After 8 program excursions, 4 weeks of classes, immersing myself in a Spanish home, learning how to communicate between cultures, and still having time to travel around Spain and 2 other countries, I am sad that my time in Barcelona with the Boiler Up Barcelona program is coming to an end. I have gained experiences and insights into new traditions, cultures, and languages that I could never gain by sitting in a classroom in America. Before my time with the Boiler Up Barcelona program, I would have defined study abroad as traveling to/exploring a new country while completing educational courses; however, after my time in Barcelona, I would now define study abroad as:
Study Abroad = being completely immersed in a new culture and surrounded by new traditions. Gaining insight into why decisions are made or why a group responds the way they do. Altering your perception on your own culture and what you truly value most.
My study abroad experience in Barcelona has opened my eyes to what the world has to offer. By being immersed in the Spanish culture and other European cultures, my perspective on my own culture and values has changed. As an American, I grew up valuing independence, embracing your unique qualities, voicing your opinion, treating everyone as an equal, hard work, perseverance, family, and hope. Other cultures however differ in their values. For example, the dominant culture in Spain values family above the individual, nurturing and respecting others, balancing leisure and work, and religion. Although these cultures have been established in order for people to survive together in their surroundings, there are aspects from each culture that I now think people should learn about. If we as humans took the time to understand others’ way of life and reflect upon their own values with that in consideration, I believe we could learn from and help each other to achieve more than we as human have ever dreamed of.
You never change things by fighting the existing reality. To change something, build a new model that makes the existing model obsolete. – Richard Buckminster Fuller
First, I believe each country should examine all other country’s economy and business structure. What works? What doesn’t? What values of those cultures allow these structures to function? How can these best practices be integrated into your own country’s structure? For example, Americans are very monochromatic, task-oriented, and analytic about their time. They believe that time is money and that something should be accomplished in every meeting. However, other cultures, such as Spain, are polychromatic, event-oriented, and holistic about their time. In Spain, a relationship must be established before completing any agendas. Spaniards believe spending time to know your co-workers or clientele will help progress business in the long run. Is either of these business models better than the other? No. They both have their strengths and weaknesses. Americans focus too much on the short-term goals and sometimes miss the importance of taking a step back to examine the future ramifications. Spaniards on the other hand do not have a very strong determination or ‘fire under their belly’ which hinders their ability to maximize their profits. I believe a balance between monochromatic and polychromatic will help each culture. Collaborating best practices or failed structures can help the world to always be moving forward, rather than continuing in a cycle of learning what others have already tried and grew from before.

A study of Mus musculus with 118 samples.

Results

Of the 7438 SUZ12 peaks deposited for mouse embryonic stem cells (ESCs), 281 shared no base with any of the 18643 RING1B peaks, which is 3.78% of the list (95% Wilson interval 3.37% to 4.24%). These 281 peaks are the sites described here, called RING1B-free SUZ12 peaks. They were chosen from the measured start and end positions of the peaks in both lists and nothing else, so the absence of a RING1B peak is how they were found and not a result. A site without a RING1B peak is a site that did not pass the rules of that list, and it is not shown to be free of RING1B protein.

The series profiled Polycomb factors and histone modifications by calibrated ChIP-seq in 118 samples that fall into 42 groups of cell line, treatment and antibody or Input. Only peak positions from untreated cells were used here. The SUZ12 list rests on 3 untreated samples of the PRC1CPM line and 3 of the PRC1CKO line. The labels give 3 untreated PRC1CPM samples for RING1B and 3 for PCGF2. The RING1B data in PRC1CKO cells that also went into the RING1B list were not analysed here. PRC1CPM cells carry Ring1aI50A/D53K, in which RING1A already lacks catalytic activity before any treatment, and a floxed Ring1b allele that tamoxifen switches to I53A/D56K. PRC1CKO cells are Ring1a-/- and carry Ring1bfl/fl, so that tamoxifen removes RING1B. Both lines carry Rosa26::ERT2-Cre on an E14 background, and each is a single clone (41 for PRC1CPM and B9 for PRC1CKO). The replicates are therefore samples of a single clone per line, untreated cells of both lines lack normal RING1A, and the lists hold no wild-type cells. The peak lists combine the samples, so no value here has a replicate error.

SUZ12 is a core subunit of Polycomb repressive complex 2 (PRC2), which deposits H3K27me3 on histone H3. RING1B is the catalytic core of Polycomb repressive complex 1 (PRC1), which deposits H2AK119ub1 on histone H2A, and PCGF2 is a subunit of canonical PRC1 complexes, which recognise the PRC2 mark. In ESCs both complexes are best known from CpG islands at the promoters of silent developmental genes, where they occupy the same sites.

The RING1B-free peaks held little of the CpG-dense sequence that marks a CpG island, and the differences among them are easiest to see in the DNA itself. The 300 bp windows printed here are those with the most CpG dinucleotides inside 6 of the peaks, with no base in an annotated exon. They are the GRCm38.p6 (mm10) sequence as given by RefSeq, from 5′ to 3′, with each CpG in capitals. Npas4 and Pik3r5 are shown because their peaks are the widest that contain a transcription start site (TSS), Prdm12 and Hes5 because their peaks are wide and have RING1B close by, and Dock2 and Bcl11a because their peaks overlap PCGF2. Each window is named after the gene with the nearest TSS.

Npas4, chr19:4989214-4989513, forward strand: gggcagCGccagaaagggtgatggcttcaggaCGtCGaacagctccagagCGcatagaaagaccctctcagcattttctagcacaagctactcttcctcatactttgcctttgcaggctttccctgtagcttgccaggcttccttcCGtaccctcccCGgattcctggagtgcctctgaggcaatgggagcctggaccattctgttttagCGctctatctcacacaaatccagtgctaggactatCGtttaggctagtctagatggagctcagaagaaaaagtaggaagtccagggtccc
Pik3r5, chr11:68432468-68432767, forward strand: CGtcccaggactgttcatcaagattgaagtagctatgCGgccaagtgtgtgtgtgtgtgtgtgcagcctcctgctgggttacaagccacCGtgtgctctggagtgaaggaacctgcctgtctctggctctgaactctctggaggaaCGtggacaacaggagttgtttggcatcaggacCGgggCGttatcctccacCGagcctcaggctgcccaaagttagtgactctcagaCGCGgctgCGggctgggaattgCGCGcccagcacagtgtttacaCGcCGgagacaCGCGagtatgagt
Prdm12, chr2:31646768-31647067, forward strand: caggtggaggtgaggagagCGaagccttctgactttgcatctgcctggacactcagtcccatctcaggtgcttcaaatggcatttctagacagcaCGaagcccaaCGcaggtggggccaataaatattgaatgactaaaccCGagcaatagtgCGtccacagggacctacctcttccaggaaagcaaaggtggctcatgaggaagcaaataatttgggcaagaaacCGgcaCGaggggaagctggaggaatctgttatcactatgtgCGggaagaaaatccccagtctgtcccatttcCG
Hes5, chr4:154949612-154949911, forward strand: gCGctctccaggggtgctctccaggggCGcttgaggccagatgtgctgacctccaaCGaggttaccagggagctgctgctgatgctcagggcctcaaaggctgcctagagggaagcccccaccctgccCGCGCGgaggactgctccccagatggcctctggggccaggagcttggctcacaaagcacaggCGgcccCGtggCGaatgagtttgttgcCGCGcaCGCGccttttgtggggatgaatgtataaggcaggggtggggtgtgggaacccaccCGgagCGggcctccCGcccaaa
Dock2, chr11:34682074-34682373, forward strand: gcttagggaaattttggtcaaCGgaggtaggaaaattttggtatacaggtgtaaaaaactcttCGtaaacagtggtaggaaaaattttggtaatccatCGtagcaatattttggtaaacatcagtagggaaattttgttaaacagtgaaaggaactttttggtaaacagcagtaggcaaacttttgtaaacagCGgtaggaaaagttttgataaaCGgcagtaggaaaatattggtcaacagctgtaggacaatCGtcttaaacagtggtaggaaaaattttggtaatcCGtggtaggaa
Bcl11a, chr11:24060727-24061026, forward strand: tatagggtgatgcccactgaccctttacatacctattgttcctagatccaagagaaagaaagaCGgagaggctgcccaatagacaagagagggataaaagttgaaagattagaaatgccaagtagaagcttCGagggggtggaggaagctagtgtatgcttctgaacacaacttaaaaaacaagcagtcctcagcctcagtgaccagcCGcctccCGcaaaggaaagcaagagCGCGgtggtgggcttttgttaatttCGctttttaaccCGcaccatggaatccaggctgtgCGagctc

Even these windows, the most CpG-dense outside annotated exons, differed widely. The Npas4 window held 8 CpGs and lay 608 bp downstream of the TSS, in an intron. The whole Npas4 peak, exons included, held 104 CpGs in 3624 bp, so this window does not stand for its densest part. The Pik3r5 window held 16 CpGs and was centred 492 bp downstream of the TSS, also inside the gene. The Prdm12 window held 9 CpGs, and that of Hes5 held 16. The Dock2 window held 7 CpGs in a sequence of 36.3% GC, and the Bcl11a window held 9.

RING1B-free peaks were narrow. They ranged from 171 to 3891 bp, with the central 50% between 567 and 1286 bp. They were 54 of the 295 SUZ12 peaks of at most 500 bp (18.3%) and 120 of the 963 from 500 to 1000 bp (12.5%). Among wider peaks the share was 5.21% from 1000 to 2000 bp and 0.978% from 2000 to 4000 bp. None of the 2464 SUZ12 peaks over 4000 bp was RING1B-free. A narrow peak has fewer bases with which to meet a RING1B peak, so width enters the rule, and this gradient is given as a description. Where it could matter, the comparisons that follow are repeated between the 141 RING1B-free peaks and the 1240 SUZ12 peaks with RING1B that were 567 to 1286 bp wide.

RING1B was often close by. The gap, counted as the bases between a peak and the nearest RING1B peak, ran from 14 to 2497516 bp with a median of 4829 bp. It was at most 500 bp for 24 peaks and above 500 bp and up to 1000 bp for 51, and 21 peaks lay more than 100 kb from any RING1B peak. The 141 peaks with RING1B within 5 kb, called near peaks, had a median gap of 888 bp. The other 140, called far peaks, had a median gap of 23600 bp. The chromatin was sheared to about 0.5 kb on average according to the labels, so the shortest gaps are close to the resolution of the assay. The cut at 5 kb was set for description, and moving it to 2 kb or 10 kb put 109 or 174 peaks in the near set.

Additionally, I believe relationship values and how others are treated in each country should be examined. What does family mean to each culture? How is a relationship formed in each country? What prejudices exist in each culture? How do we use the knowledge of other cultures’ relationship structures to enhance not only your own culture’s relationships, but also global relationships? For instance, Americans value nuclear families. Children live with their parents until they are self-sustainable, grandparents, aunts/uncles, and cousins live in separate homes, and each person has their own needs and individual uniqueness. On the contrary, Spain values extended families. It is very common for children to live at home until they are married, even if they can sustain themselves. Additional family members, such as grandparents, aunts/uncles, commonly live in the same house. Again, I don’t believe there is one right culture and the other wrong, but I think there can be improvements to both. Such as, I believe Americans should be more willing to offer to fully take care of their grandparents rather than sending them off to a nursing home. But then again, maybe the extended family in Spain makes family members too dependent on each other. Maybe one sibling is always taking advantage of another siblings’ or parents’ or grandparents’ success. Finding a balance can be hard, but I think as long as we examine the values and don’t just go along with the dominant culture in our area, I believe a balance can be found.
Overall, my experiences abroad have put these thoughts and ideas into my head. I will now step into the future with a new perspective of being mindful to other cultures and how we as humans can learn and grow through each others’ experiences. As Nelson Mandela said, “Education is the most powerful weapon which you can use to change the world.”